Schneiderman says New York’s Pro-Choice Movement Needs to get Organized
October 10, 2017
As published by Crain’s New York, on October 6, 2017.
Attorney General Eric Schneiderman said New Yorkers need to get active in state politics to protect reproductive rights “now that you’re seeing the illusion of protection by the federal government fade away.”
That includes working to elect pro-choice lawmakers to become the majority in the state Senate, Schneiderman said at a recent panel on reproductive rights hosted by the New York City Bar Association.
Since President Donald Trump was elected, Schneiderman has joined other politicians in stepping up efforts to promote access to reproductive health at the state level.
“It’s as though Washington has turned into this toxic volcano of bad public policy spewing out bad ideas,” he said. “I’m a big advocate of using state power and engaging at the state level both to fill in where the federal government retreats from enforcing rights and to fight back when they do things that would hurt the people we represent.”
In January Schneiderman introduced in the state Legislature the Comprehensive Contraception Coverage Act, a bill aimed at reinforcing and expanding insurance coverage of contraception without cost-sharing. In May he threatened to sue the federal government if the American Health Care Act became law, in part because of a provision that would defund Planned Parenthood for a year. He also brought a suit against protesters at a Queens abortion clinic for violating state law protecting access to such facilities.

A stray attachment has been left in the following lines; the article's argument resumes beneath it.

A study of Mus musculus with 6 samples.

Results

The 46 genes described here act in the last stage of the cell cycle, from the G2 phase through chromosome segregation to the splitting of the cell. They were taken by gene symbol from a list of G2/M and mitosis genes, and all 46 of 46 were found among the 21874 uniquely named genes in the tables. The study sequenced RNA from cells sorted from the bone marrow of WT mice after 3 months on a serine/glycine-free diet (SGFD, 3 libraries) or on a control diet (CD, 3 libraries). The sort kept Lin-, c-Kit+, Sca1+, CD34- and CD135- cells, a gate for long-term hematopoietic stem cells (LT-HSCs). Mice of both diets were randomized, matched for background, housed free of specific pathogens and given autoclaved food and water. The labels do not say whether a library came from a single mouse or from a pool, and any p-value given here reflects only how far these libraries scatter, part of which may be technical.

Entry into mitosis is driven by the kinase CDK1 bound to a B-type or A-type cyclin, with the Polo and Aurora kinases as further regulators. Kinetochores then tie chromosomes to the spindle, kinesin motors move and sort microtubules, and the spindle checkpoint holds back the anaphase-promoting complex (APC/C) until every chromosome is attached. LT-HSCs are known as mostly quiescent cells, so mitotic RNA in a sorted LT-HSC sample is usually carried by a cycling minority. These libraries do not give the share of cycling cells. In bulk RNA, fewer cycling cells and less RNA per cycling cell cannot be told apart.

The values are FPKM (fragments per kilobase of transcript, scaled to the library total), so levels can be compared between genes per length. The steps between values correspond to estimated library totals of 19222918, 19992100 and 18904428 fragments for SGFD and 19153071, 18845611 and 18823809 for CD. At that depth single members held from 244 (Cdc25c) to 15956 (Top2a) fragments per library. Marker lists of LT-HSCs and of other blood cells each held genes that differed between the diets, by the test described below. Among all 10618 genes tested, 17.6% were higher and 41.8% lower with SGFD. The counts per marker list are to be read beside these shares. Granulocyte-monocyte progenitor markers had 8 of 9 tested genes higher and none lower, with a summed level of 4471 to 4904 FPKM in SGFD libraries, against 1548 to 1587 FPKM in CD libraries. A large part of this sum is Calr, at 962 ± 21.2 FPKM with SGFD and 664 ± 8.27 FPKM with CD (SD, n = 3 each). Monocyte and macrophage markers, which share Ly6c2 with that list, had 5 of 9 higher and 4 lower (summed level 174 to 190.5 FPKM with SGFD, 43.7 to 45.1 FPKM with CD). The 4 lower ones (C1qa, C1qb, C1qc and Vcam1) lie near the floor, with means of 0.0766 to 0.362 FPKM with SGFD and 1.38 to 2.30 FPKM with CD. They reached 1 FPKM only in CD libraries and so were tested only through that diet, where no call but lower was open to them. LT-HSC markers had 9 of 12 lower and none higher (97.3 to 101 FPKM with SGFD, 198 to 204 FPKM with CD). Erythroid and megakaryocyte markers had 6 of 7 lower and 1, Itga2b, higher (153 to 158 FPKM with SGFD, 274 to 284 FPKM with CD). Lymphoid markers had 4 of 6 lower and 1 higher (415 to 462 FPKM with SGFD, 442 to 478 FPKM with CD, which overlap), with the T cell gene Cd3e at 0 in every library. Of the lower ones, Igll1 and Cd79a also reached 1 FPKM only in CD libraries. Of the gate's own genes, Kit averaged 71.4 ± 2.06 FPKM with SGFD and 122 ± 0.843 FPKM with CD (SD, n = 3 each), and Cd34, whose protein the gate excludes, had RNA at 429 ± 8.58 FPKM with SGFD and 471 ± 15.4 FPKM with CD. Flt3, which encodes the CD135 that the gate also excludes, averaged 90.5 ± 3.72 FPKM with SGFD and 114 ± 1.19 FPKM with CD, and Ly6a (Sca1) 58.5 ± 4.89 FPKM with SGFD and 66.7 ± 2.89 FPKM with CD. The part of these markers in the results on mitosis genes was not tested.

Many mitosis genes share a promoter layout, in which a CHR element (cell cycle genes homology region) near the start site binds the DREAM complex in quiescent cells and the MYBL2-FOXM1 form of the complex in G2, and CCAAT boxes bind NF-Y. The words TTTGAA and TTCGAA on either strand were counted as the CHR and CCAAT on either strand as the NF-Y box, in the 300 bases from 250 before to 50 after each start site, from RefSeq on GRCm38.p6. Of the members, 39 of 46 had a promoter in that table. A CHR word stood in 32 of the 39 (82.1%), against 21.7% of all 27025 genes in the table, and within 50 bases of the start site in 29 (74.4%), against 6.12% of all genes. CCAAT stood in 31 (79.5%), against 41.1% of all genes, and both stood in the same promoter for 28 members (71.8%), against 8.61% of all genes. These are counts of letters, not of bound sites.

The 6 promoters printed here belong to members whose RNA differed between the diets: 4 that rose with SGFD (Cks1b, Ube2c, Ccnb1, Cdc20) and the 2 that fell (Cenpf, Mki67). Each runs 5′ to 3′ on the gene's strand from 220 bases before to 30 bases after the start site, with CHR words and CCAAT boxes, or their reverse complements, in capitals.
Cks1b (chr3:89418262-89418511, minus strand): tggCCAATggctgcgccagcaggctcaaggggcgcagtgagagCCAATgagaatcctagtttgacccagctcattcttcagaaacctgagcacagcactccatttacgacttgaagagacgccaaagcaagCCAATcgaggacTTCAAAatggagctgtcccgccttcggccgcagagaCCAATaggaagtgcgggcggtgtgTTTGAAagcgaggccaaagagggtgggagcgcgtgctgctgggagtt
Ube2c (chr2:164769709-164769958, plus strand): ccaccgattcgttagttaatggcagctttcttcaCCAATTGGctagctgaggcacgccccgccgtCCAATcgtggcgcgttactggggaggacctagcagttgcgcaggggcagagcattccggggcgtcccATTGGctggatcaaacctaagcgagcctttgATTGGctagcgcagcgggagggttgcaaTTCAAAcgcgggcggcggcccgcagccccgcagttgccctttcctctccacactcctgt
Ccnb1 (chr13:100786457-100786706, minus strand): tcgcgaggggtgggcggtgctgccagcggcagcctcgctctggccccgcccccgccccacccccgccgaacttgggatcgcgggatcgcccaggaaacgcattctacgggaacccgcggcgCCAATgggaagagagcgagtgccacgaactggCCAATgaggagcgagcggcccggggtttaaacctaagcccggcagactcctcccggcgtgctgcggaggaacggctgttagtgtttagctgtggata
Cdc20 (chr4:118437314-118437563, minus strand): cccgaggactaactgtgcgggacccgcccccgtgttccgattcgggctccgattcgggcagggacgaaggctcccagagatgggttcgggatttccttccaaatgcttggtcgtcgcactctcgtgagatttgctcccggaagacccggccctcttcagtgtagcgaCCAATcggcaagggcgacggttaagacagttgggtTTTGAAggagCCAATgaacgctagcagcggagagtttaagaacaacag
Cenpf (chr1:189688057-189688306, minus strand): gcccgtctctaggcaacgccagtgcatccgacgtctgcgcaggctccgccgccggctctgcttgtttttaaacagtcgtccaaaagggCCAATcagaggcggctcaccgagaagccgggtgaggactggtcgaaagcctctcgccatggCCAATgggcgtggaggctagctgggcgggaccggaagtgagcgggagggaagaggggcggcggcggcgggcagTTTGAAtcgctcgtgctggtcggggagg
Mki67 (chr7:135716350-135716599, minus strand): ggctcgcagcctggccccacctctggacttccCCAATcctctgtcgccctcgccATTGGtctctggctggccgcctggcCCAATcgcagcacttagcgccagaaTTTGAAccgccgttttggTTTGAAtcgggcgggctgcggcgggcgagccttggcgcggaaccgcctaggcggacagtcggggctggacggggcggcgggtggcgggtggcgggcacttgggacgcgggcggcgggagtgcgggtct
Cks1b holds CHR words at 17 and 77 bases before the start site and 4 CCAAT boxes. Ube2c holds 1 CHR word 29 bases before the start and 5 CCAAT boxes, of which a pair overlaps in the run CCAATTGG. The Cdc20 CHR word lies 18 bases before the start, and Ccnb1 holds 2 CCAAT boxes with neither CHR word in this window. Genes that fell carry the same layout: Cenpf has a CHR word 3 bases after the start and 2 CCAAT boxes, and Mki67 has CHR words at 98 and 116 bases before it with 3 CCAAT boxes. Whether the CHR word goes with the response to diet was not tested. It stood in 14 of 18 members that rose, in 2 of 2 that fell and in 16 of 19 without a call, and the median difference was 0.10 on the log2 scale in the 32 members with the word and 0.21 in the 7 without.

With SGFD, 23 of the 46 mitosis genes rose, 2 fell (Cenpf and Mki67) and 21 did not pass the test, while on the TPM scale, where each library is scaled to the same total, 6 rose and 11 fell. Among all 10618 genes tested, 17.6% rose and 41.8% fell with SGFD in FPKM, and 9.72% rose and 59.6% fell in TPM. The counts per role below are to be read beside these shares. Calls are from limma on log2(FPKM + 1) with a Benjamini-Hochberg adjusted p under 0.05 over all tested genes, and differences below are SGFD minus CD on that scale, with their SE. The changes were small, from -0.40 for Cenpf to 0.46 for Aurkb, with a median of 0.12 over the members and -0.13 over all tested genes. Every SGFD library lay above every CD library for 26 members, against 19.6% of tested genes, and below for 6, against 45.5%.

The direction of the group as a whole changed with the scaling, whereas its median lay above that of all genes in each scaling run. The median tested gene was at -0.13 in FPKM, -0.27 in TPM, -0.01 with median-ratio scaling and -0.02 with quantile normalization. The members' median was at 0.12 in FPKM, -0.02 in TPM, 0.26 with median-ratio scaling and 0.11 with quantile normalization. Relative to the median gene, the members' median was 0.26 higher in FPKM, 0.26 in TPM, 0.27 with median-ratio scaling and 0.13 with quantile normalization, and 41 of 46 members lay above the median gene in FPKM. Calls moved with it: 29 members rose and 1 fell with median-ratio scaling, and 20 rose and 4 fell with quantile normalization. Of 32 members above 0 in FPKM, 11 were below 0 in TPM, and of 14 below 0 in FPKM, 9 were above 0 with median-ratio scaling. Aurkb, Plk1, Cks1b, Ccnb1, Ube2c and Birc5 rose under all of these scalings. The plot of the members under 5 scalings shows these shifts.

New York is not facing the same restrictions on reproductive health access as many other states and currently has the highest abortion rate in the U.S., but Schneiderman said there’s still more to be done.
“Even in this overwhelmingly pro-choice state, we do not have a pro-choice majority in the New York state Senate,” Schneiderman said. In recent years that situation has prevented the state from updating its abortion law so that it’s in line with Roe v. Wade and subsequent rulings.
Schneiderman said he has been a proponent of abortion access since he took a job at a pre–Roe v. Wade abortion clinic in Washington, D.C., at age 17.
“I’ve spent most of my time in the pro-choice movement feeling like we’re just getting our clocks cleaned by the other side and we’re really not as well-organized,” said Schneiderman. “We’re losing ground every year.”
Lawyers and others in New York must also mobilize to ensure abortion access in other states, some of which are down to one clinic, said Schneiderman.